Thursday, January 06, 2011

Field Of Dreams.

This coursing season started back in October, with a few posts, like this one, about the lack of jackrabbits in all the usual places.  We had days where we'd walk and walk and only scare up one in a couple of hours, and it would usually suffer a quick fate, because it couldn't move any faster than the dogs in the unusually thick and high cover.

Things were looking grim.

Then, towards the end of October, I piled the crew in the Mitsubishi and headed out to explore an area that Margaret and I had found almost by accident last Spring while attempting to take shortcut from the highway by the Aerostat station about 20 miles southwest of Deming, to the Victorio Mountains some 25 miles west of Deming.  As it turned out, it was shorter, but took about 90 minutes longer than if we had just driven around on the normal highways and county roads.

The area is huge, and is about 99% Federal and State land, leased for grazing some pretty large herds of cattle.  The cover is much more reasonable than any of our usual fields this year, and the ground is as walkable as a walk in the park, meaning there's no "bunchgrass", or big holes, or boulders.  It's flat.

That's all well and good, but is meaningless if there are no jacks!  My first exploratory trip was to the area we'd first driven through in the spring.  Jackrabbit "sign" was plentiful, but I saw no jacks.  I did some more exploratory driving and discovered that there were at least a half dozen distinct separate areas where one could hunt, including  a mammoth, flat plain that seemed to stretch out forever in all directions.  It was time to bring in Dutch and his dogs to see if there were, indeed, rabbits in this ideal area.

The first couple of trips were fruitless, and I think Dutch was losing faith as he would prefer to go back to the old places, rather than make the long drive out to this field.  But I kept at it, trying out new, different sections, and finally started getting some races.  Got Dutch back, and for the last two months we've been getting in some really exciting races, with about a 25% catch rate.  In that time we've probably seen and/or run close to 40 jacks, and we're really only scratching the surface.  Dutch is now so confident in the fields that he has decided to run his famous Pack Hunt and Desert Hare Classic on them.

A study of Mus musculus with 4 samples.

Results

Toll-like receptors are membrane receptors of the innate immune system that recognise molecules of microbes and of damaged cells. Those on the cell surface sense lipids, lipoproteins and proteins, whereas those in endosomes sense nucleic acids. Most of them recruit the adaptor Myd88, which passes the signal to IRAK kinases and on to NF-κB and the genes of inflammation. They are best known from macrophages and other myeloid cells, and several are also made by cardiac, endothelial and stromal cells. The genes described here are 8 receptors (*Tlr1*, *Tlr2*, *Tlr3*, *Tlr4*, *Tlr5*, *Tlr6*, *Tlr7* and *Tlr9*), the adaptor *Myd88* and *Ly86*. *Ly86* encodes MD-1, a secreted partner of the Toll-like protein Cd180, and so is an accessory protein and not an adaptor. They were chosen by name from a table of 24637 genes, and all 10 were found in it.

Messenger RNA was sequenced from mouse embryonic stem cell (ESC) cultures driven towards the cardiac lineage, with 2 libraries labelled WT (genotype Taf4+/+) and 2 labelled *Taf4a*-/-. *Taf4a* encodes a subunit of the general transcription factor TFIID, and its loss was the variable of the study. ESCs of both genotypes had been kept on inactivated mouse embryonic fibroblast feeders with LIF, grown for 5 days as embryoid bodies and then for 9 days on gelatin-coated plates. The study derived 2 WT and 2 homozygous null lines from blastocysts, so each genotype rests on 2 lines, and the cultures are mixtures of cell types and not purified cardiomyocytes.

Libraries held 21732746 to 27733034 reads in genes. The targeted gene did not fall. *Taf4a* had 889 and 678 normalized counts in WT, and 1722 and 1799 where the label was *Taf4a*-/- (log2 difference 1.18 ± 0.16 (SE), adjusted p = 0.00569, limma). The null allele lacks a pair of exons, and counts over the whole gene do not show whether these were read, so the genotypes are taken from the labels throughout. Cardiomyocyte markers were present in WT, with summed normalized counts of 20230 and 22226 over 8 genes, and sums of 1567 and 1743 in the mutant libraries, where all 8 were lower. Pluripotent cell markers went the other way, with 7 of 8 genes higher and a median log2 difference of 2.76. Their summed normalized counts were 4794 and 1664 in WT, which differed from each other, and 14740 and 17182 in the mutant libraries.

The new fields also came with an unsuspected bonus!  With such a large expanse of flat, open land, the opportunity for great coursing photos was like nothing we've experienced in any of the other fields we hunt in southern New Mexico!  The hounds actually have an opportunity to turn the hare many times, and often back in the direction of where they started.... where I wait with my camera.

The images below, are all from a single run on January 5, 2011.  The dogs weren't lacking for opportunities to catch this jack, first with Willow in the lead, and later with the black and white Saluke, Bisa, who had several opportunities, but as we saw with the  hare in the previous post, this field is starting to establish a reputation for strong jacks that will take anything your pack of hounds can dish out!  This was another 3 minute marathon, that ended when the hare made it to the safety of the creosote bush patch on the north side of the draw, and Willow with a very sore foot.